HealthBody Image How Motherhood Champions For Body Positivity

How Motherhood Champions For Body Positivity

Clearly, motherhood could be a starting place to champion for body positivity for all women in India.

Motherhood divides feminists. It shouldn’t, but that’s the popular belief. One recent incident when a model’s baby bump made it as a show stopper at a Lakme Fashion Week, it united the ones who are pro-motherhood, and who are feminists (they are not mutually exclusive) under the shared belief of body positivity, or healthy body image issues.

Model Carol Gracias, while being heavily pregnant, walked the ramp for the Lakme Fashion week in April as a show stopper— and she was hailed for “celebrating pregnancy at a platform where body image is everything.”

Body shaming in the Indian fashion industry is not uncommon. A fashion blogger recounts a brutally honest brand manager who told her on being asked why they don’t have clothes for plus-sized women, “… we don’t want fat people to be seen in our clothes. That wouldn’t go down well with our core audience.”

Each instance of body shaming, online or in the real world, briefly inflates the need for seeing more real women of real sizes and styles, beyond the tall, thin and fair in the fashion industry. Girls of all age groups look for their role models — on covers of fashion magazines, on ramps, in TV and movie stars, who is accepted, appreciated, and considered beautiful, despite several demarcations from the stereotypical beautiful body.

Clearly, a baby bump (or anything other than a flat stomach) does not fit well with the body image standards bombasted on young girls and women from billboards, TV advertisements, and fashion magazines all the time.

Fashion police spares no one. But it is easier for it to go softer on a pregnant woman, than a plus sized woman who have no plans of bearing children any time soon.

Since motherhood is mistakenly considered to be a woman’s soul purpose in life— a woman with a baby bump may be excused from the critical eye; but not a plus-sized woman who has no logical reason to be anything other than a mannequin-like figure.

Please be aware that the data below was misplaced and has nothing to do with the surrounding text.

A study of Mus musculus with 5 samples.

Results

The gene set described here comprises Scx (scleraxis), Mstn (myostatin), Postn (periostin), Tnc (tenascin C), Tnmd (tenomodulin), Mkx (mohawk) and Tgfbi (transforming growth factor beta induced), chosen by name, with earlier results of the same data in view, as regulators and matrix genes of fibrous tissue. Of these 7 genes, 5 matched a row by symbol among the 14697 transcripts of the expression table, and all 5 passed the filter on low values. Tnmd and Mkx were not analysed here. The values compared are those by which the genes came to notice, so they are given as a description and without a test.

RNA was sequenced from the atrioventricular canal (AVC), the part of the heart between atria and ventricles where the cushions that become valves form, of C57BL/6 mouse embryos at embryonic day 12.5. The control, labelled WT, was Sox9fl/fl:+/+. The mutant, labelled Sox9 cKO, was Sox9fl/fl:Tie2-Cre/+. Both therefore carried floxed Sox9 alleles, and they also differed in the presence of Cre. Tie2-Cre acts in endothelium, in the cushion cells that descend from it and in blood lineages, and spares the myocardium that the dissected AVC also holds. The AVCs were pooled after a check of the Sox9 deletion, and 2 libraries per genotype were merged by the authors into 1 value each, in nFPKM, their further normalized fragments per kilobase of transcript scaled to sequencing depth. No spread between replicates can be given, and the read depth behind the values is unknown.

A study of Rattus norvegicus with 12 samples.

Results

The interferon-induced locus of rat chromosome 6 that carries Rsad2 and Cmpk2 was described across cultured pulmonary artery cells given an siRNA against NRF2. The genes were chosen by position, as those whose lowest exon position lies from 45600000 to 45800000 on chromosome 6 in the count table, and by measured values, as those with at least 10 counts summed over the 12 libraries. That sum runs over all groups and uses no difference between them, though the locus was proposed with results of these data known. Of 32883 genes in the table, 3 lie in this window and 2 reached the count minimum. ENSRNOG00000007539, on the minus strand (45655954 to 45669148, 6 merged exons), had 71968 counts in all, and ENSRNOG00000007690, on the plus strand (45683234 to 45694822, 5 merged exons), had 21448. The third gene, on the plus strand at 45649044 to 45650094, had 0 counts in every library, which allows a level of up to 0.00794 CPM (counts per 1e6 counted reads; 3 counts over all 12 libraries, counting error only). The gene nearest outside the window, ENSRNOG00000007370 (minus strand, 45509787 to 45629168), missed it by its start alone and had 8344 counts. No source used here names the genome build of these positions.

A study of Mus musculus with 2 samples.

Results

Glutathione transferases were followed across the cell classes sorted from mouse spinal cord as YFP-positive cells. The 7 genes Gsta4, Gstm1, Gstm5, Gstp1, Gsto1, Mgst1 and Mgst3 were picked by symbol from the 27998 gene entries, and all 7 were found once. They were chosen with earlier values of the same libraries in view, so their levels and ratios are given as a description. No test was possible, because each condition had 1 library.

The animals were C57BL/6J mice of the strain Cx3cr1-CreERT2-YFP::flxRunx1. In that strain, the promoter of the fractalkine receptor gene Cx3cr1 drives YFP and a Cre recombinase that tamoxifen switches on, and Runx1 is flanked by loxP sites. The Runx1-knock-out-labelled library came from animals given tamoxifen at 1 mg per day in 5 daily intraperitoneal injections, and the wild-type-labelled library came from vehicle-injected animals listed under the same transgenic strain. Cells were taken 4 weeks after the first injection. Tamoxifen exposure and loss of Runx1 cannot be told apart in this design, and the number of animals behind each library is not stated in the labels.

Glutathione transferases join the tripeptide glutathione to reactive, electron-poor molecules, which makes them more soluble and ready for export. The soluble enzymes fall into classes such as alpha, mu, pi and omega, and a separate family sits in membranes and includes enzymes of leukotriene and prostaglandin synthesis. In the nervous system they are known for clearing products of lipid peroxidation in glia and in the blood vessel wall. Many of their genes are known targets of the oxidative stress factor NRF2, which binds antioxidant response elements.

Hence, in celebration of motherhood, several to-be-mothers from the entertainment and fashion industry proudly sported their baby bumps in public, and were appreciated for it. Shweta Salve made several headlines recently– for sporting a pregnant bikini body, for The Blooming photoshoot, and for walking the ramp with Carol and 10 other expecting women on Mother’s Day.

Carol’s LFW run-way walk was covered by major media publications in positive words: “Breaks convention”, “busting stereotypes”, “sashays”, “flaunts”.

Is such a soft treatment imaginable to be meted out to anyone who did not fit neither the tough beauty standards of tall, thin, and fair; nor the patriarchal standards of marriage and motherhood for women?

Richa Chadha recently disclosed Bollywood’s culture of body shaming in her recent Ted talk. She said: “I was told to gain weight. Then lose weight. Fix my nose, fix my lips. Get a boob job.” Pariniti Chopra gave in to Bollywood’s obsession with being skinny.

But it is one thing to celebrate pregnancy, and entirely another to celebrate the various changes the female body undergoes during and after it.

Can you celebrate a baby bump before the baby has arrived, without celebrating the stretch marks on the abdomen, the dark circles because of sleepless nights, and the sagging breasts post-pregnancy which require rigorous exercise routine to do away with?

It seems the fashion and entertainment industries might just be ready to accept both- the likeable and the unlikeable parts of it.

Shweta Salve recently admitted to feeling “very fat” due to her pregnancy.

Gaurang Shah, the designer, said he agreed for Carol to walk the ramp, despite knowing she was pregnant, because he thought, “what’s the big deal? It’s a natural thing.” He was later surprised to know how far into pregnancy she was.

Carol decided to take on the assignment when she “realised that the clothes to be showcased are meant for all kinds of women. (Emphasis mine)”.

Maybe what we need is for some women to break the narrow definitions of beauty before it becomes easier for everybody else to jump in and do the same.

Clearly, motherhood could be a starting place to champion for body positivity for all women in India.

Featured Image Credit: Lakme Fashion Week 2016


  1. Sugandhaa Pandey says:

    A fresh perspective, put up in a very apt manner. Love the hyperlinked articles too.